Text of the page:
When a marriage ends in divorce, the parties’ attorneys should address issues relating to life insurance to ensure the parties’ intentions are fulfilled years later when an ex-spouse dies. For example, the parties can include a provision in the divorce agreement requiring the party paying alimony and/or child support to maintain life insurance for the benefit of the former spouse. This practice is a common tool to make sure that adequate funds are provided to the former spouse (and/or children) if the insured party passes away during the period when alimony and/or child support would have been owed.
Unfortunately, if the divorce agreement does not address life insurance at all or if the language in the agreement is unclear, disputes can arise after the insured former spouse passes away, resulting in the claim being denied or contested by multiple parties. At Trief & Olk, our life insurance attorneys see many cases where different parties assert competing claims to the same insurance policy proceeds, such as disputes between children from the first marriage and the second spouse.
To avoid such a dispute regarding a life insurance claim, it is important for the attorneys who are handling the divorce to ask about any existing life insurance policies and the extent to which the parties intend for coverage to be maintained in the future for the ex-spouse and/or children; then the parties should take steps to put in place the coverage required and designate beneficiaries to comply with the terms agreed upon. For example:
- If the party providing child support is obligated to purchase life insurance, that party should make sure that the beneficiary is properly designated to show that the insurance proceeds are paid to an adult (usually the ex-spouse) on behalf of the children;
- Steps should be taken to ensure that the party obtaining the coverage cannot change the beneficiaries without the consent of the party for whom the coverage is maintained;
- The insured should notify the insurance company that payment of any insurance proceeds must comply with the terms of the divorce agreement or court order, and provide a copy of the relevant documentation; and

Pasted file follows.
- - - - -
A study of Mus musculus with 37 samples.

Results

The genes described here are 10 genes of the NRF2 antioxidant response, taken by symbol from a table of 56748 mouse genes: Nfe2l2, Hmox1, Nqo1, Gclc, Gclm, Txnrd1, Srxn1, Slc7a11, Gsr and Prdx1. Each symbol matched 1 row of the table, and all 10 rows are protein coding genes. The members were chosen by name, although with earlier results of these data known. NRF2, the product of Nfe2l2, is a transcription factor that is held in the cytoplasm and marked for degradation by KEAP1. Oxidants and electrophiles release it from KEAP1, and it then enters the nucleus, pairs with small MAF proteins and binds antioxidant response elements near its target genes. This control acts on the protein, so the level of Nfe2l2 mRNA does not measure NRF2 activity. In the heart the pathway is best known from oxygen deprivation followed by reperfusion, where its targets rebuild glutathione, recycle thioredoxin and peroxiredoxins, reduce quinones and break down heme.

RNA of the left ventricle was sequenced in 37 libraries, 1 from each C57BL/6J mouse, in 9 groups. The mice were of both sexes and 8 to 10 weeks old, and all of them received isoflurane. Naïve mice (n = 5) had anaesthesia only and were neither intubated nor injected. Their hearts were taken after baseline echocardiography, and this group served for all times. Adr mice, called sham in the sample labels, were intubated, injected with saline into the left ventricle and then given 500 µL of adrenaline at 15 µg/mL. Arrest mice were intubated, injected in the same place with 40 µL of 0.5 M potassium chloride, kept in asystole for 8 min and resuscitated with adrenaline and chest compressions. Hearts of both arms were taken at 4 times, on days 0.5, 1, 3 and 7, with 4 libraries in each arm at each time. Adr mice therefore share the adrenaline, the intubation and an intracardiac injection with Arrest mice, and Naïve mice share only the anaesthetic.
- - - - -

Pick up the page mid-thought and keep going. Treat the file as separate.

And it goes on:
- If the parties agree that the insured party can reduce the amount of life insurance coverage over time (such as when a child reaches the age of 21 or after a certain amount of alimony has been paid), the language in the divorce agreement should clearly reflect the parties’ understanding as to how such changes can be made and the amount of coverage that must remain.
One mistake that is sometimes made is assuming that a life insurance policy purchased while the couple was married will satisfy the obligation to obtain coverage, without making any changes. If, however, no changes are made, the outcome could be the opposite of what the couple intended, depending on the law of the state where they reside.
In 26 states (including both New Jersey and New York), statutes provide that any life insurance beneficiary designations made prior to the divorce are considered to be revoked when the divorce is finalized, meaning it is as if the designation were never made. These statutes are based on an assumption that the insured person usually would not want to keep the former spouse as the beneficiary of her life insurance policy but may have neglected to change the beneficiary after the divorce. Although enforcing these statutes can lead to a result that is the exact opposite of what the parties wanted, the U.S. Supreme Court recently ruled that such statutes can be enforced, even if the statute in question was passed after the parties had divorced (and, thus, at the time of the divorce, they could not have asked their attorneys to plan accordingly). Sveen v. Melin, 138 S. Ct. 1815, 1822-23 (2018).
The best solution for avoiding disputed life insurance claims that arise after a previous divorce is to plan in advance – making sure that the attorneys handling the divorce specifically consider what life insurance coverage should be in place and check to make sure that the beneficiary designations are documented properly to avoid later being undone by operation of state law. If, however, you do have a dispute relating to life insurance proceeds, the life insurance attorneys at Trief &Olk are available to answer your questions and represent you if life insurance claim has been denied or is disputed by another purported beneficiary. Feel free to consult our website for examples of the many successes we have had when competing parties contested payment of life insurance benefits or call us directly to discuss how we may help you.